In an apparent attempt to escape from its dependency on Facebook, game maker Zynga is preparing to launch a web site dubbed Zynga Live that would operate as a portal for its own social games, according to a source familiar with the matter. The company currently runs its games on Facebook (although not exclusively) and is Facebook’s biggest app maker.
Mark Pincus, chief executive of the San Francisco-based Zynga, told his staff about the plans at an all-hands meeting yesterday. The company has declined comment. The development was first reported by Techcrunch, which characterized the dispute between the companies as a war.
The creation of the web site will help the hot social game company diversify away from Facebook, which accounts for the bulk of Zynga’s revenues (currently in the hundreds of millions of dollars). The very fact that Zynga has felt the need to create Zynga Live shows that there is tension between the company and platform owner Facebook. The tension between the two companies was a hot topic today at the Social Gaming Summit, a conference in San Francisco attended by 550 or so social game industry representatives.
The two companies have been at odds over the impending introduction of Facebook Credits. This is a virtual currency, much like the euro currency in Europe, that will work across all Facebook apps. Facebook contends this will give gamers more liquidity and incentive to spend money across a lot of apps. The problem for Zynga is that Facebook says it will take 30 percent of every transaction using Facebook Credits. With Zynga Live, Zynga can not only use its own virtual currency but also cross-promote its own games.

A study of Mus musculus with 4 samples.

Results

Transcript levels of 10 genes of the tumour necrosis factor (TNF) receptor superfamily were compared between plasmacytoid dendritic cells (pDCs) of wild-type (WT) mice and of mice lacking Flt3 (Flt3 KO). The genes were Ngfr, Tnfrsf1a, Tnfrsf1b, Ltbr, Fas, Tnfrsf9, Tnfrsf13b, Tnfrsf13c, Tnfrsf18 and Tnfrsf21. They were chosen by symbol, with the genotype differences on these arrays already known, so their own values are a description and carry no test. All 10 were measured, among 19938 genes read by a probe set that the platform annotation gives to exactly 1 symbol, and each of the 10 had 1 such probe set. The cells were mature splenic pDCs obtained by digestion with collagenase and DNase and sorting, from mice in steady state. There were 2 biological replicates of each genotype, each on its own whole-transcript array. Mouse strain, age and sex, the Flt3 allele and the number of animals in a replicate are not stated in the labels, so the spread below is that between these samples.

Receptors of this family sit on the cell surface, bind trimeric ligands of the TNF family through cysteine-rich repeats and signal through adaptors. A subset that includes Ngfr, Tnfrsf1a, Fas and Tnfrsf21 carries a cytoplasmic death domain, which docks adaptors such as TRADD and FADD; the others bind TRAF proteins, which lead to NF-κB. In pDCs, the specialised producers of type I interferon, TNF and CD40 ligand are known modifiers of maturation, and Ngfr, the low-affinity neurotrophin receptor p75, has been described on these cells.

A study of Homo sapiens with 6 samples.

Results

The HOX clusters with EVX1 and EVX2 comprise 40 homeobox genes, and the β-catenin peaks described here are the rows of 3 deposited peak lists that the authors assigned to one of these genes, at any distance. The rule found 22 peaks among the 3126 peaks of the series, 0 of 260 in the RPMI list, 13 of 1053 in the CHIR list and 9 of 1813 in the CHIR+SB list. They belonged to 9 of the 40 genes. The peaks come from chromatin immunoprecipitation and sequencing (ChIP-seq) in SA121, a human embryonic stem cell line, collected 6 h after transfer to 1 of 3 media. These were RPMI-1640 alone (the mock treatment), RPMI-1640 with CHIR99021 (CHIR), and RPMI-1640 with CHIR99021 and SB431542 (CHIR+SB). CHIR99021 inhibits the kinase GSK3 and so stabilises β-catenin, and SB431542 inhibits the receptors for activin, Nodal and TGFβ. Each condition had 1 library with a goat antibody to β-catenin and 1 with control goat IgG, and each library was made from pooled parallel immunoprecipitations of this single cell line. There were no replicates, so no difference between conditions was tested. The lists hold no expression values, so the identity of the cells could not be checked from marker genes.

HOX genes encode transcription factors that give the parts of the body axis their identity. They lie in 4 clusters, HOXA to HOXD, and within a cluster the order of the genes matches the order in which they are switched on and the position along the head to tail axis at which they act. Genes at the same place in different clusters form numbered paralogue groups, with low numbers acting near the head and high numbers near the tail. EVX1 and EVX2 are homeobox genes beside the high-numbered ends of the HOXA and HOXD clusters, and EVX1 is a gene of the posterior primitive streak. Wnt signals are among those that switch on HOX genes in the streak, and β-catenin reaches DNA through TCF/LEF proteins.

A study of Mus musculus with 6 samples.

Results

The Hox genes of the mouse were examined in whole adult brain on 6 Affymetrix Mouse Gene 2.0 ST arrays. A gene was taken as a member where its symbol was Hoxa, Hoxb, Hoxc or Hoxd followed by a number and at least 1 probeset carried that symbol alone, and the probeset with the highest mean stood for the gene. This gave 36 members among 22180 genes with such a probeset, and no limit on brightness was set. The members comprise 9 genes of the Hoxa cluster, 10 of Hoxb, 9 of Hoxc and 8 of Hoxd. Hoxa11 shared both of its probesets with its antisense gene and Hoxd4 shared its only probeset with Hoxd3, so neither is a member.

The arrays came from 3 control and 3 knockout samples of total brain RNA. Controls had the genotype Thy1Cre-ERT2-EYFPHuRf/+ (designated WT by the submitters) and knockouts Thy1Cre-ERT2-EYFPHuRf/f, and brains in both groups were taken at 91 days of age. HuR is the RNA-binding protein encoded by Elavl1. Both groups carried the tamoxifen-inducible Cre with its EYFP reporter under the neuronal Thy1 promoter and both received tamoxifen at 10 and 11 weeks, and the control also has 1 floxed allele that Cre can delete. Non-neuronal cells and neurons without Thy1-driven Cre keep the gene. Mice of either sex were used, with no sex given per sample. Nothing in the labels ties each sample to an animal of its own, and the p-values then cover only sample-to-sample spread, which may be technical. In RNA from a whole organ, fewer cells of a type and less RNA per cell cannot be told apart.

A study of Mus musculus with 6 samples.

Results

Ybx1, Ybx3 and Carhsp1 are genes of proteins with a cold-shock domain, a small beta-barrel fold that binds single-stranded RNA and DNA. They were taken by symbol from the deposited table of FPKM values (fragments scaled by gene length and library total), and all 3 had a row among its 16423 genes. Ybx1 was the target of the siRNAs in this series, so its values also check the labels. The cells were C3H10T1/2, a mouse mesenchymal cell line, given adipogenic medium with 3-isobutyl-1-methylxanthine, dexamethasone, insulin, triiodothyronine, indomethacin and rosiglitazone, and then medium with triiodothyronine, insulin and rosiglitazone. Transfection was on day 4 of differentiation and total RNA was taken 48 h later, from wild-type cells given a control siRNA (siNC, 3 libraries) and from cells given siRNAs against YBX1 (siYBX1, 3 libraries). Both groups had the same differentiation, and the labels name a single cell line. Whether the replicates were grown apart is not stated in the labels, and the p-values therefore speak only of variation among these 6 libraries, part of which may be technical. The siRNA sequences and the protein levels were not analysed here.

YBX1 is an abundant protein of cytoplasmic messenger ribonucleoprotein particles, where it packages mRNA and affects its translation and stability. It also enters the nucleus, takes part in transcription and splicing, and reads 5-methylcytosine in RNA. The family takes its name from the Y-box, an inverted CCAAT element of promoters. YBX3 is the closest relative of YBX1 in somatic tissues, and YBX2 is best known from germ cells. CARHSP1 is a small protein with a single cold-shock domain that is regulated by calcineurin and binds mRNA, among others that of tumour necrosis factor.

Currently, Zynga is very dependent on Facebook and the changes that it makes to its platform. By turning off notifications and limiting the viral spread of game announcements, Facebook was able to crack down on what it perceived as spam on its platform, benefiting users. But from Zynga’s view, that meant that its games didn’t spread as fast and therefore it had to spend more money on advertising, enriching Facebook. Traffic for Zynga’s games has been declining in the past month or so, with the exception of its new Treasure Isle game. For investors who are thinking about putting money into Zynga, this is a pretty daunting matter.
Mihir Shah, chief revenue officer at Offerpal, which has a new virtual currency platform that competes with Facebook, said that the tough problem for game developers is that their cost of getting noticed on a social platform is rising, but the revenues are now going to be cut by 30 percent (as Facebook takes its cut).
Despite the strained relations between Zynga and Facebook, they share a common investor in Russian investment firm DST. The two companies are joined at the hip, as Zynga is the goose that laid the golden egg for Facebook. But Facebook has to be very careful to balance its need to generate profits with the need to let its partners make money. If Facebook behaves like an 800-pound baby and Zynga gets alienated because of Facebook’s intransigence on Facebook Credits, Zynga will take its marbles elsewhere.
In a statement, Facebook said, “We have conversations with our large developers all the time and we don’t typically comment on specific discussions. But generally, our priority is to ensure a quality experience for Facebook users while fostering an innovative and dynamic environment that offers meaningful opportunities for all developers on Facebook Platform.”
Facebook should look at the lessons learned by other platform holders. Microsoft was able to enter the video game business in part because independent game developers and publishers didn’t like the practices of console platform owners Sony and Nintendo. Those companies took a mere 7 percent royalty on every game sold on their platforms. Can Facebook get away with a 30 percent tax, as Apple does for apps purchased from its App Store?